After a spate of new proclamations, newly-elected Colorado Governor Jared Polis is a bright shining star on the left. Now that the plans are public, however, the governor’s personal crusade to squash the state’s thriving oil and gas industry threatens to undo all the governor’s other ambitious (and costly) work.

Pushing Colorado in a Controversial Direction

In a State of the State delivered on January 10, buried underneath a slew of potentially infeasible social programs, Governor Polis bragged about the state’s robust economy. One by one, he called out each of the state’s most successful industries: agriculture, aerospace, bioscience, renewable energy, cannabis. Polis even found time to mention the state’s outdoor recreation industry.

Polis went on to vow that his administration would provide every child with quality early education, that they would lower healthcare costs, bolster clean energy jobs, and enact something called “true tax reform.”

That’s a whole lot of expensive stuff, punctuated by reductions in taxes for Coloradans.

Meanwhile in the Oil and Gas Industry …

Just weeks after the SotS, Polis and fellow state Democrats took the first steps toward making good on one of the Governor’s most prominent campaign promises: severely restricting and regulating the oil and gas industry. The attack came in the form of Senate Bill 181, a radical piece of legislation with a two-fold purpose.

First, SB 181 would drastically restructure the Colorado Oil and Gas Conservation Commission, removing geologists and engineers from decision-making positions and transforming the agency into a regulatory body. Second, the bill would hand regulatory authority to hyperlocal governments run by those who may not have all the information required to make an informed decision.

You Need Money to Fund the Future

Okay, let’s roll back to Polis’ January 10 speech, wherein the governor touted the value of each of the state’s most prominent industries. Hand in hand with his subsequent assault on oil and gas, there was one glaring omission in his list. No love was paid to Colorado’s thriving energy industry. That’s a mistake because Polis’ plans are going to cost a lot of money.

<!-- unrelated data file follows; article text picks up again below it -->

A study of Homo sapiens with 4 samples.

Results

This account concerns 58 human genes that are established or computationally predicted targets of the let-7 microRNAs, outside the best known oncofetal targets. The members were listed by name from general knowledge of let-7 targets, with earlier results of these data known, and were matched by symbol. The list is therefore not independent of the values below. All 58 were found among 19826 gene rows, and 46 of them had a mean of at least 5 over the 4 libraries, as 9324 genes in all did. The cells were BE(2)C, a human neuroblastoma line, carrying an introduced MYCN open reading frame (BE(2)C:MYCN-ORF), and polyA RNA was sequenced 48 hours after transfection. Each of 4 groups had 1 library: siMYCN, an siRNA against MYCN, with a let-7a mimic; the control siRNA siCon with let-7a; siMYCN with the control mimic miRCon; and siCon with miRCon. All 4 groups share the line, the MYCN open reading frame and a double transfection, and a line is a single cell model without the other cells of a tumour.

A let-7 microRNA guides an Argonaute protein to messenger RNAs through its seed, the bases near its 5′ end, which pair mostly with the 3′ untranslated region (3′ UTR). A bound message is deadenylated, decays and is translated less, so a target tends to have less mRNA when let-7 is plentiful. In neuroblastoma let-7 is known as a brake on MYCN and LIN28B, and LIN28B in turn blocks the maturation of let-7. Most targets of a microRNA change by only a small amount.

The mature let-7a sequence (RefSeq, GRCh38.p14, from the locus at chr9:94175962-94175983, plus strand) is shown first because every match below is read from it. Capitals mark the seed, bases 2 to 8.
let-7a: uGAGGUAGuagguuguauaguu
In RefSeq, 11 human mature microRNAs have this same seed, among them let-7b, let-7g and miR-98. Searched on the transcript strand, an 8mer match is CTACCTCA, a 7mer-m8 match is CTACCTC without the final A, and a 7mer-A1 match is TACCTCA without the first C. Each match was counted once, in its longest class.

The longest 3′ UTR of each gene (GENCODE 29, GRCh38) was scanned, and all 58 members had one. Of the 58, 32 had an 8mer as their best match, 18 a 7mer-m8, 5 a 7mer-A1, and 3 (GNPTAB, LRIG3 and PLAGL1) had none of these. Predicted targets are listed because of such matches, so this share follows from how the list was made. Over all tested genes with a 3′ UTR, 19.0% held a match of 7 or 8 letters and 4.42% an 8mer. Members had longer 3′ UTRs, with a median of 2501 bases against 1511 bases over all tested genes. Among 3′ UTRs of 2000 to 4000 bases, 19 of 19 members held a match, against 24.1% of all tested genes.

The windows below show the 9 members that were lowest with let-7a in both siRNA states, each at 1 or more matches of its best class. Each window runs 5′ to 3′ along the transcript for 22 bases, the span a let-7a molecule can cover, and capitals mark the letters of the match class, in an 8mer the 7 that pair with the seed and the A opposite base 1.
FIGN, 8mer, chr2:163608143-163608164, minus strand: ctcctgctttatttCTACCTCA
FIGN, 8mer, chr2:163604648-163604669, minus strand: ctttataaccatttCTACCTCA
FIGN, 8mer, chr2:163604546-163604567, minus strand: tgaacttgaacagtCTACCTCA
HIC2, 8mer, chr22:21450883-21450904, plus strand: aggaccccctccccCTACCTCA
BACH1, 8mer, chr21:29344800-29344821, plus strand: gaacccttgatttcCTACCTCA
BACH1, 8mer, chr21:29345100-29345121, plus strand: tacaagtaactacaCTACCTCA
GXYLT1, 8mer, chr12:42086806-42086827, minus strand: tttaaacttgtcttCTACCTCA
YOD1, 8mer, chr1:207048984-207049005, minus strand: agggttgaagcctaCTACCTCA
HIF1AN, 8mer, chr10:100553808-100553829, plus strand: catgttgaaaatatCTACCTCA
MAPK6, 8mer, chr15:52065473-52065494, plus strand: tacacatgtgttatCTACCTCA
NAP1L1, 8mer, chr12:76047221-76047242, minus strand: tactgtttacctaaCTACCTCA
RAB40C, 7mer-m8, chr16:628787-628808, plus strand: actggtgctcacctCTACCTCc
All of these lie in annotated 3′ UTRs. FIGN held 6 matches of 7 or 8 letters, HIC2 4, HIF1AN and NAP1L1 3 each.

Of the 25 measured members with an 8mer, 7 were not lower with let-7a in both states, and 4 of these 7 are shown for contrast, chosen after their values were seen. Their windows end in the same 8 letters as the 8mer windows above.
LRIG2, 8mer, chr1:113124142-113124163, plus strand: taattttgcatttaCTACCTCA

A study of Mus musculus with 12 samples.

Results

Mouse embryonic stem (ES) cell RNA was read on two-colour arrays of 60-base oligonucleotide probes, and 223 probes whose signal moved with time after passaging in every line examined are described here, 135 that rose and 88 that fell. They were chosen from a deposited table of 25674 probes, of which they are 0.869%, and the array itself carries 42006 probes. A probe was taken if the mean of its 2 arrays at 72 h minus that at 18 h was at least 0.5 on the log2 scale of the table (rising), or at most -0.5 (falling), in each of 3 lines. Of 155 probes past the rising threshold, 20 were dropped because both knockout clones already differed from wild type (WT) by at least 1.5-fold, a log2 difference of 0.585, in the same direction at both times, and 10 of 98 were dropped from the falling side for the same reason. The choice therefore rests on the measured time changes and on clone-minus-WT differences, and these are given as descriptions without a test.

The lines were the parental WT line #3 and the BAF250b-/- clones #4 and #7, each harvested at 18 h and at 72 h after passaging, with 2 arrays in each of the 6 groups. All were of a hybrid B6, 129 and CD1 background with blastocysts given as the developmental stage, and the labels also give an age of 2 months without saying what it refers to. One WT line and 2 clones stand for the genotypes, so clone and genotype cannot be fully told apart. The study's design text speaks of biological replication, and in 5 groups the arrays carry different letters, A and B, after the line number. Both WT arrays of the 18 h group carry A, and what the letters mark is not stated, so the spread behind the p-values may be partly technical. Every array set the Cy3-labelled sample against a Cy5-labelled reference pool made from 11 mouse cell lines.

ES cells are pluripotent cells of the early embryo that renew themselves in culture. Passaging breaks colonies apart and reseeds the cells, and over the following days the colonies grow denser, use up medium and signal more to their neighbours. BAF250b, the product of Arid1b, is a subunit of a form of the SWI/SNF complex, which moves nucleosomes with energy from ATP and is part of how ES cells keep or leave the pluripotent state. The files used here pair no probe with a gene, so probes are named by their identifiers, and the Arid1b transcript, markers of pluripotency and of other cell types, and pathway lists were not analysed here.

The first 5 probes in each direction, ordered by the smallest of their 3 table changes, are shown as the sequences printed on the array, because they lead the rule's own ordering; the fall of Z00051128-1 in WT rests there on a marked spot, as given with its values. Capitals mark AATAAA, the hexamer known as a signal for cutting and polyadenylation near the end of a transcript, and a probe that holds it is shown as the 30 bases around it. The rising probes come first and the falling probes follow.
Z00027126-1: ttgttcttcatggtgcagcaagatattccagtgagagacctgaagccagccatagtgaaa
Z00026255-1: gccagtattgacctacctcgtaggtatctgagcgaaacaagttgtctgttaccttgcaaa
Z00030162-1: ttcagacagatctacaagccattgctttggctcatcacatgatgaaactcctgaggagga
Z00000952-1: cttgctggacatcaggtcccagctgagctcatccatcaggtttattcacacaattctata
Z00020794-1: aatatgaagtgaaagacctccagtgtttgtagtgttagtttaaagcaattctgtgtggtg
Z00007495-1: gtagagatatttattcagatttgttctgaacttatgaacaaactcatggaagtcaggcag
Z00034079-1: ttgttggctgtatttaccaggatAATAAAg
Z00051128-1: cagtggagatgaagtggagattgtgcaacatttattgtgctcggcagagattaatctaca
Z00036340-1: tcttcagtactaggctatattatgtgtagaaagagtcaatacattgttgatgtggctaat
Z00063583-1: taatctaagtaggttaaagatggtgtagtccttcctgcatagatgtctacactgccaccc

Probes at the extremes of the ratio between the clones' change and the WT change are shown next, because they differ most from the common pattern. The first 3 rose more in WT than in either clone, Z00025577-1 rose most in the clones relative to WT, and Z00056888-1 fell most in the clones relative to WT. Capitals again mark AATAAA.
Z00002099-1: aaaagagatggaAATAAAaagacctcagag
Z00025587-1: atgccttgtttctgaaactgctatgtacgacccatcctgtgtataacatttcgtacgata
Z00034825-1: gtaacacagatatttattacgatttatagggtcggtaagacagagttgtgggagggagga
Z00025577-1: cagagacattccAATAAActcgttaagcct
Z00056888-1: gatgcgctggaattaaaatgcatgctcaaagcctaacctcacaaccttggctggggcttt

Sure, the state’s marijuana industry pulled in more than $250 billion in tax revenue in 2018. That may cover the governor’s plans for free all-day kindergarten ($185 million), but it won’t touch his healthcare and tax initiatives.

For that stuff, you need real, reliable money. Like, say, the cool billion that Colorado’s oil and gas industry supplies in state and local tax revenue every single year. According to the Colorado Oil and Gas Association, oil and gas “employed about 30,000 people in 2017, created about 51,000 additional jobs, added about $13.5 billion to Colorado’s domestic product and provided 81 percent of the distributions doled out through the School Trust.”

Should SB 181 come into play, that revenue stream would be all but extinguished. Governor Polis’ initial actions might be garnering positive media attention, but his big, bold plan may serve as a recipe for disaster.